On a spoon-carving forum I read, the question of templates comes up frequently. A lot of spoon carvers say they “just wing it,” or as others put it, “just see what the wood wants to be.”
Now, there’s no question that woodworking of any kind requires a certain amount of negotiation between the woodworker and the wood. Certain pieces of wood have certain features that will nudge a thoughtful woodworker in certain directions. But it’s important not to let the wood always be the one in charge. Because, as one astute forum member once remarked, “what the wood really ‘wants’ to be is a stick.” To turn it into anything else (like a spoon), you have to be willing to impose your will on the material.
I’ve made a lot of spoons over the past few years, and I’ve handled quite a few made by other woodworkers. In my kitchen, I’ve used the spoons that I and others have made. That experience has taught me something about the importance of templates–which is to say, about the importance of careful design.
Spoons carved by “just winging it” aren’t usually very good. Unless l you are very experienced (or just have a preternaturally good eye for this sort of thing), just winging it will result in something between not-quite-right and fairly-useless about 90% of the time.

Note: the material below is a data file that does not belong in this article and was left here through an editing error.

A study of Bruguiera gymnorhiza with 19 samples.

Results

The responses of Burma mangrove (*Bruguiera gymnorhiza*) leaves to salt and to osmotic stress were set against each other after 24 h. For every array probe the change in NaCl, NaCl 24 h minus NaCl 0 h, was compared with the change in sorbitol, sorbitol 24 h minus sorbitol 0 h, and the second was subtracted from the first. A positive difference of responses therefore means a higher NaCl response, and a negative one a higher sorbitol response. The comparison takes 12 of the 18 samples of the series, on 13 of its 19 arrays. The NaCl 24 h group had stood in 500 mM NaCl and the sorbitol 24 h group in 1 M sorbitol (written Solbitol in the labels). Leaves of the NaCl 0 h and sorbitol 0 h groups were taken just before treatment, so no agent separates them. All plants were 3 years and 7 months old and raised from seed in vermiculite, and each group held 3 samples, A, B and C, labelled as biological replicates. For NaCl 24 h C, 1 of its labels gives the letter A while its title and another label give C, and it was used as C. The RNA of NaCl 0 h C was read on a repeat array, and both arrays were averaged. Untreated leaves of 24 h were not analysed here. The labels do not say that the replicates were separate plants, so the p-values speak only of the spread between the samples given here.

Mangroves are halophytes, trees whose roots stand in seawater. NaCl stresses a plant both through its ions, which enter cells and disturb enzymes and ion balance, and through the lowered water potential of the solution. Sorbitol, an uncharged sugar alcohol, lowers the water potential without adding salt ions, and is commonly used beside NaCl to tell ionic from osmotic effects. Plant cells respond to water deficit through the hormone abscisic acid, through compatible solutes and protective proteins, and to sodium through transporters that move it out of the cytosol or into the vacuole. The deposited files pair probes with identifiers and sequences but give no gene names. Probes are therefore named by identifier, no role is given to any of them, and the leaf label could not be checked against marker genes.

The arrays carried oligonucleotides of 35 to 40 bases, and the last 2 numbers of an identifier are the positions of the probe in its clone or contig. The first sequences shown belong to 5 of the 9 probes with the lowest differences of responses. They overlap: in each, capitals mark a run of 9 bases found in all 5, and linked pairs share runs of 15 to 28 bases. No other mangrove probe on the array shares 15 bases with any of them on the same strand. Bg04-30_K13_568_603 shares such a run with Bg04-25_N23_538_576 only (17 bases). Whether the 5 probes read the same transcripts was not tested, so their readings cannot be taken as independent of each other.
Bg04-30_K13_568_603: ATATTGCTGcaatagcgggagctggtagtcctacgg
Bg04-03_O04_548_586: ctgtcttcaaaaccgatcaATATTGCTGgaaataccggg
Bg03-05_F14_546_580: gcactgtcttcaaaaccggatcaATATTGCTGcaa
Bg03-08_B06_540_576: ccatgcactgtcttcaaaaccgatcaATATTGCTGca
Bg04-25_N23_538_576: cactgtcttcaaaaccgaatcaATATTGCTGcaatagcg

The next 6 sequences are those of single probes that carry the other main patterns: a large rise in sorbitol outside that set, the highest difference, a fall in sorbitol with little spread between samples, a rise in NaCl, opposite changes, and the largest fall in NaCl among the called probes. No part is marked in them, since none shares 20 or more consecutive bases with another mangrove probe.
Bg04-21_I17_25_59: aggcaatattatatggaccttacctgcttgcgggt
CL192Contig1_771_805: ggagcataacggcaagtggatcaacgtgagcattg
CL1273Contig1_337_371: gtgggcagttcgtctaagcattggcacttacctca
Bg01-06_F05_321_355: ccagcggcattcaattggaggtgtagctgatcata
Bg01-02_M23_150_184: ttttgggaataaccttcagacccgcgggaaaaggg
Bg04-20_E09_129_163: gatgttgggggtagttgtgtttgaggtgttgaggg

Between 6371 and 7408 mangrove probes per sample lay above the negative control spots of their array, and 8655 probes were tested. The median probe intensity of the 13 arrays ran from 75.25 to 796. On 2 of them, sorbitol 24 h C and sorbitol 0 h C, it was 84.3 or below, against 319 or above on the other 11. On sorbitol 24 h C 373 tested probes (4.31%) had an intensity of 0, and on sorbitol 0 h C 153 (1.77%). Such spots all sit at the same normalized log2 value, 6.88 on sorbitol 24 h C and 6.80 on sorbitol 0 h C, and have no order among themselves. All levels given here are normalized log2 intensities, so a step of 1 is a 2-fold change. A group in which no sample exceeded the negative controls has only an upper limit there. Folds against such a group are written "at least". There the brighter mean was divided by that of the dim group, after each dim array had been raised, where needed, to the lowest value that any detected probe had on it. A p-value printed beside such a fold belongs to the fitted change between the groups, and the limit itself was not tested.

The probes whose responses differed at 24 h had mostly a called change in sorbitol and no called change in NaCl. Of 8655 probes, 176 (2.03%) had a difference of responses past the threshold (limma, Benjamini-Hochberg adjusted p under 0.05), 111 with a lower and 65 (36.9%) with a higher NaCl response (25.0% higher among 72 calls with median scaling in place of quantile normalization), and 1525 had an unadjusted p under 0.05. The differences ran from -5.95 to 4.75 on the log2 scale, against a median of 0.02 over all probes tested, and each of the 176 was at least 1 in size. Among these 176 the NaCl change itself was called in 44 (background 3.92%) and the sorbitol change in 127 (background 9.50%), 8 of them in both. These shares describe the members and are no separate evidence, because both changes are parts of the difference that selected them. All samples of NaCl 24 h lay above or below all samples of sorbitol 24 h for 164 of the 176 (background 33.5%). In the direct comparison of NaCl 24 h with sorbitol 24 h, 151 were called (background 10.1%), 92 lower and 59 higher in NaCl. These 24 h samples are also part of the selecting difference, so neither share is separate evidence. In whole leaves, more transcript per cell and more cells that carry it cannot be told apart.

There’s a pretty narrow range of dimensions beyond which a wooden spoon becomes less than comfortable to use. If an eating spoon is too long, it doesn’t balance correctly, but if it’s too short, your hand ends up getting dipped in the soup. If the bowl is too narrow or too shallow, it doesn’t hold enough food. Too deep or too wide, and it’s hard to eat out of.
I haven’t reduced any of these dimensions to numerical values, and I’m not going to. I arrived at my own templates by trying to use some of my first spoons to cook with and considering why I didn’t like them–too long, too short, too wide, too thick, whatever. I also observed what I liked about the one or two spoons that I found myself reaching for over and over–the bowl was the right size, the handle was the right shape, the whole thing was the right length, etc.
Eventually I traced out a couple of my best spoons and made myself some templates so I could replicate my success. Because ultimately, that’s what a template helps you do–succeed repeatedly–instead of just finding new ways to fail.
(Templates can be made out of anything you can trace around–a thin piece of wood, a bit of paperboard, or even a piece of plastic cut out of a milk jug. I often put the date on mine, just for fun.)
Using a template does not take the joy out of spoon carving. It just releases you from having to do the design work and the carving work all at once. When you do the design work first, even if that’s just sketching out a few pencil lines freehand on the face of a bit of wood, you liberate yourself to focus on the carving itself once you put your knife to the wood. (There is great freedom in being able to do just one thing at a time instead of many things all at once.) And if you find that you need to depart from your intended design, you can always do that, too.
If you want to make good wooden spoons, a pencil is the first carving tool, and one of the most indispensable.